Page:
Romania to lobby for agriculture commissioner

ROMANIA

Despite uncertainty over the number of commissioners in the next EU executive, which stems from the as yet unfinished ratification of the Lisbon Treaty, Romania has announced that it will propose a former agriculture minister as its next commissioner.

Dacian Cioloş (pronounced Dachian Chiolosh) is Romania’s candidate for the post of agriculture commissioner, the country’s foreign minister, Cristian Diaconescu, announced in a radio interview yesterday (31 August). 

“We had a meeting today of the government coalition […] and the decision was taken that we can make official the candidacy of Mr. Dacian Cioloş, former agriculture minister, for commissioner responsible for agriculture,” Diaconescu stated.

Diaconescu admitted it would be difficult to obtain the agriculture portfolio, seen as one of the EU’s most important, but said Romania would mobilise all its political and diplomatic resources to achieve the goal.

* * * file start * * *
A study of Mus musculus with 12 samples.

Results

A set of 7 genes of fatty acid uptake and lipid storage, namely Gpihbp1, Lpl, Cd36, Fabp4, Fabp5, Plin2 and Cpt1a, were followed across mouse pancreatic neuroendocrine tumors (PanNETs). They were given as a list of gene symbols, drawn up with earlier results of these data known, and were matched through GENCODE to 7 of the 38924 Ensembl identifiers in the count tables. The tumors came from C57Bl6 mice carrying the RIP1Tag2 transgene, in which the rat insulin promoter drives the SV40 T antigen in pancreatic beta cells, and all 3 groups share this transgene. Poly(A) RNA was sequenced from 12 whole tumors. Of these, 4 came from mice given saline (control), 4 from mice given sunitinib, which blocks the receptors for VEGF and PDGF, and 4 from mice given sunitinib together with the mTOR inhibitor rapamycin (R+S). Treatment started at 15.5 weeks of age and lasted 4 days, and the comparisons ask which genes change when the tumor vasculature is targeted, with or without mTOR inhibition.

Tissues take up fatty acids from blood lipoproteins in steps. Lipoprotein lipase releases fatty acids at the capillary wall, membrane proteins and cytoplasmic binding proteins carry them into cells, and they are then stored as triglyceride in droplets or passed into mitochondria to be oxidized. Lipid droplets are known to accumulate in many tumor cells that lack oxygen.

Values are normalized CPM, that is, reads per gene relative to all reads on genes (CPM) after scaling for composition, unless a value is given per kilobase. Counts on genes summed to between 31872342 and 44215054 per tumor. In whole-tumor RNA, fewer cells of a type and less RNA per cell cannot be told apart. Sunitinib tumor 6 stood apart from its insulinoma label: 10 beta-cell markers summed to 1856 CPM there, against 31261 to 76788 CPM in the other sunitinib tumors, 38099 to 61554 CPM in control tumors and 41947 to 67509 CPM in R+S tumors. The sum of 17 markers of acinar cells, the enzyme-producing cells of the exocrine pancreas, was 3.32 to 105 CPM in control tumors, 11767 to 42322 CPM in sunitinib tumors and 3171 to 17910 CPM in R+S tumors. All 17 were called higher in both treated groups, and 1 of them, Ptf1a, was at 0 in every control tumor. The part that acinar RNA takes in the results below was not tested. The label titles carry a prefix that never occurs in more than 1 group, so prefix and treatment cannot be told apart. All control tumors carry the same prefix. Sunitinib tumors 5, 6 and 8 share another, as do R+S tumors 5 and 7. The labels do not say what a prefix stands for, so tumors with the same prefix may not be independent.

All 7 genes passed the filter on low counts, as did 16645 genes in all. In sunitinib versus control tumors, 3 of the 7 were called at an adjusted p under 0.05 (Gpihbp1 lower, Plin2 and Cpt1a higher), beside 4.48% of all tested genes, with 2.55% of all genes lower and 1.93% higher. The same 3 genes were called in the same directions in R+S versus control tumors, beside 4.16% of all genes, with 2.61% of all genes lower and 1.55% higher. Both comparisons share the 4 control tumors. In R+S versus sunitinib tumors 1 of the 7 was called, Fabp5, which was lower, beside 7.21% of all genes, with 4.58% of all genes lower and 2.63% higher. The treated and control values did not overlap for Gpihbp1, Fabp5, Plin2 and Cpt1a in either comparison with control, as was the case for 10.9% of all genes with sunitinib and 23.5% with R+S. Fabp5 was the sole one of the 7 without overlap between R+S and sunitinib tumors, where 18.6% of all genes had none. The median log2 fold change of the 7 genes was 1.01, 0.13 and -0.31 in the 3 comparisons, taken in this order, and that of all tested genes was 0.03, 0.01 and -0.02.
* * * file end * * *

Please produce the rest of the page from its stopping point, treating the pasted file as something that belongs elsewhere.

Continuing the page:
The present agriculture commissioner, Danish liberal Mariann Fischer Boel, is expected to stand down (see EurActiv LinksDossier on the new European Commission).

The Romanian foreign minister added that as soon as the next Commission president had been elected – by the second half of September – Romania would send him or her an official letter proposing Cioloş for the position. He said the Swedish EU Presidency had told him that the full list of commissioners, to be approved by the European Parliament, should be ready by 25-26 October.

Forty-year-old Dacian Cioloş served as minister of agriculture between October 2007 and December 2008 in the government of Calin Popescu Tariceanu. Having studied agriculture in Romania and in France, he has worked for the Commission representation in Bucharest for several years as an agriculture expert. At present, Cioloş chairs the agriculture commission, a consultative body, under the president of Romania. He speaks French and English.

Asked if Cioloş was sufficiently well-known in Brussels to take up such a position, Diaconescu said only that “it is important that the Romanian candidate obtains the support of major political groups in the European Parliament”. Cioloş has no party affiliation.